It’s a wonderfully eye-catching cover, with only three words, writ huge: “Bernie,” the book’s title and Ted Rall, its author and illustrator. On a luscious moss-green background is a drawing of Sanders with snowy white hair, a cross-hatched nose, professorial glasses, and a Simpsons-esque overbite. The book, a graphic biography of presidential hopeful Bernie Sanders, is hand-sized, but with lovely, thick, heavy, full-color pages.
Rall, the brains behind this snazzy volume, is a Pulitzer Prize finalist. He’s also a firebrand. He wrote a piece for the Village Voice in 1999 accusing Maus cartoonist Art Spiegelman of being a talentless hack who keeps getting work because he’s a schmoozer married to a New Yorker editor. In 2004, he made a cartoon in which Condoleeza Rice called herself a “house nigga.” Also in 2004, the New York Times severed its association with him and scrubbed all his past work from its website after Rall created several cartoons the paper deemed offensive, including one depicting money-grubbing, media-hungry widows of 9/11 victims saying things like, “The $3.2 million I collected from the Red Cross keeps me warm at night.” Rall has also called for Barack Obama to resign, saying that “the gap between the soaring expectations that accompanied Barack Obama’s inauguration and his wretched performance is the broadest such chasm in recent historical memory.”
So let’s just say that Rall’s cartoon bio of Sanders is unlikely to win over anyone who isn’t already pretty dang radicalized. Which is a shame, because there’s a lot to like about the book. The retelling of Bernie’s life—heavy on quotations that drive home his Brooklyn Jewishness—is delightful. I didn’t know young Bernie was a huge jock, a stickball/punchball/football/baseball obsessive who was once one of the fastest long-distance runners in the borough. His competitiveness comes through loud and clear in the quotes Rall deploys dandily throughout the book: “I made the junior varsity [basketball team] and halfway through I was cut, which was very traumatic for me. The uniform, I was number 10. That was 60 years ago. Think I’ve forgotten? Doesn’t mean a thing to me. The son of a bitch cut me!” Rall also shares Bernie’s stories of his congenitally dissatisfied, striver mother and hardworking semi-schlemiel of a father (who Bernie compares to Willy Loman). The book also addresses the ways in which Bernie’s Jewishness has had an impact on his quest for social justice.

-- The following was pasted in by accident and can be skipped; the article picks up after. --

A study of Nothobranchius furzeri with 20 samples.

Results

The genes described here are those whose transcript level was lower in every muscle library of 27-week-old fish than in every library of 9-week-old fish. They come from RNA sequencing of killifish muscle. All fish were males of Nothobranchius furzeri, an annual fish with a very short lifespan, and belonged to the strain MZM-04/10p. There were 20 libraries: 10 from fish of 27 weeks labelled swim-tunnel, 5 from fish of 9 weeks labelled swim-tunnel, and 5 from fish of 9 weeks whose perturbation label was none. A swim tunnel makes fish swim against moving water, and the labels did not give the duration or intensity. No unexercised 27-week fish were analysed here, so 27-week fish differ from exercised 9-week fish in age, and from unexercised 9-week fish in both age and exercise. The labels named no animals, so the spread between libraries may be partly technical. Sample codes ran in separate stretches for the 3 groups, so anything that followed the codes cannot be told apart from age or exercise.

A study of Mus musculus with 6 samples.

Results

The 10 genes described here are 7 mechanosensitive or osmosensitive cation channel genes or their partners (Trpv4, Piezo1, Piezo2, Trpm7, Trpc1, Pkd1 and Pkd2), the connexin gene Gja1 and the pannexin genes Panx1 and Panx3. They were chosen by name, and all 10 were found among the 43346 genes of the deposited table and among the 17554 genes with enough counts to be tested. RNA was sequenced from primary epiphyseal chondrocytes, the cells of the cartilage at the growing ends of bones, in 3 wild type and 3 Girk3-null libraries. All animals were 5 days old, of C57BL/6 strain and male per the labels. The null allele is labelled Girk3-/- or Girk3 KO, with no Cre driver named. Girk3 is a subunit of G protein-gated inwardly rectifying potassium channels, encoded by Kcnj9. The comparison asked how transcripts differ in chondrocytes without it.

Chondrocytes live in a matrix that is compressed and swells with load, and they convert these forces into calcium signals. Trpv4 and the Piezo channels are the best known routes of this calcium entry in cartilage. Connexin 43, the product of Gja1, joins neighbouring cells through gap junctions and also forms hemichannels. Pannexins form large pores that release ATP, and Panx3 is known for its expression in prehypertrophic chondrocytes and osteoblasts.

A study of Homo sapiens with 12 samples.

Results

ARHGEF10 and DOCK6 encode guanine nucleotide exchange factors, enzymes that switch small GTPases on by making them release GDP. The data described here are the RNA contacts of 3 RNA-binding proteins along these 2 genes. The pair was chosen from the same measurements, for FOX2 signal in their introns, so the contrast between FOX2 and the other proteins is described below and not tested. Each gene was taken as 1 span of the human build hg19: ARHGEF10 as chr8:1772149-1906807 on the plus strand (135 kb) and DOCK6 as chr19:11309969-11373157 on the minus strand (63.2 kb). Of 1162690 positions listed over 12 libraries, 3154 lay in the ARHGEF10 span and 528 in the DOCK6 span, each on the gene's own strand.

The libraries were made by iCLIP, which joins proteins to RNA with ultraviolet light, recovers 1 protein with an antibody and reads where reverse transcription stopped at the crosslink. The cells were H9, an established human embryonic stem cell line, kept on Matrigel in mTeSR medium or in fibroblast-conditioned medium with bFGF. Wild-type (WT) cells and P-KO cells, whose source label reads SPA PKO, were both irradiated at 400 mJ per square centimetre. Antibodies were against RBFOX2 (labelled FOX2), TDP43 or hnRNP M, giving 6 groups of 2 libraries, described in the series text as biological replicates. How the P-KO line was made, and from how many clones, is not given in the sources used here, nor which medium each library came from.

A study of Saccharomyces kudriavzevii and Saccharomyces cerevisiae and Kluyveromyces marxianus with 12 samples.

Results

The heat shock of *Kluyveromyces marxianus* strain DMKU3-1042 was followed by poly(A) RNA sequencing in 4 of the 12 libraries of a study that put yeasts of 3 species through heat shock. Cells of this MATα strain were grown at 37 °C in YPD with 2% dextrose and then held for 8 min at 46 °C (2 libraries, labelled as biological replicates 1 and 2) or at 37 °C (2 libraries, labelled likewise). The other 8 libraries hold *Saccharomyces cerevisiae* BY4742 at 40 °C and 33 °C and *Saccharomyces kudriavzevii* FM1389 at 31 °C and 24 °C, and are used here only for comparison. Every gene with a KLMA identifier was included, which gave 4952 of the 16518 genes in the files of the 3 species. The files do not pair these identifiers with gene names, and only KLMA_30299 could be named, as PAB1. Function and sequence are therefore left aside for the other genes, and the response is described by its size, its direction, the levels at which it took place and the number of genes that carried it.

But Bernie’s compelling personal story constitutes less than half the book. The first big chunk is about the Democratic party’s hard swerve to the right since the 1970s. The charts and graphs and static quotes and illustrations aren’t very kinetic (Rall is a better editorial cartoonist than graphic novelist), and Rall’s radical-fanboy-ism can be grating. He approvingly quotes Ralph Nader calling Bush and Gore “Tweedledum and Tweedledee—they look and act the same so it doesn’t matter which you get.” (Some of us think it mattered very much.) Rall depicts Obama as an evil, war-mongering Republican-manque, largely responsible for the global financial meltdown and the failure to provide the true socialized medicine he’d once promised voters. There’s a full-page illustration of Obama throwing his arms in the air, cheering as he watches a functionary execute a drone-strike assassination.
Other chunks of the book deal with the history of American populist movements (Rall is super-duper into Occupy Wall Street) and Bernie’s current populist surge. In Rall’s telling, Bernie decided to run for President only after no one else was willing to step up and fight the inevitable candidate of the militant centrist rich. “Hillary Clinton wasn’t offering anything new beyond the symbolism of a woman president,” Rall writes dismissively.
Look, I am a Sanders fan. I want it known that way back in the early ‘90s, in Sassy magazine, I sang the praises of Bernie, a long-time Representative from Vermont. But right now I’m on the fence. As a feminist, progressive pragmatist, I was hoping for a book that didn’t demonize Hillary. Name-calling may delight Trump voters, but I don’t think it wins over a lot of us on the left. Hyperbole is lame, but Bernie’s story is fascinating.
Marjorie Ingall is a former columnist for Tablet, the author of Mamaleh Knows Best, and a frequent contributor to the New York Times Book Review.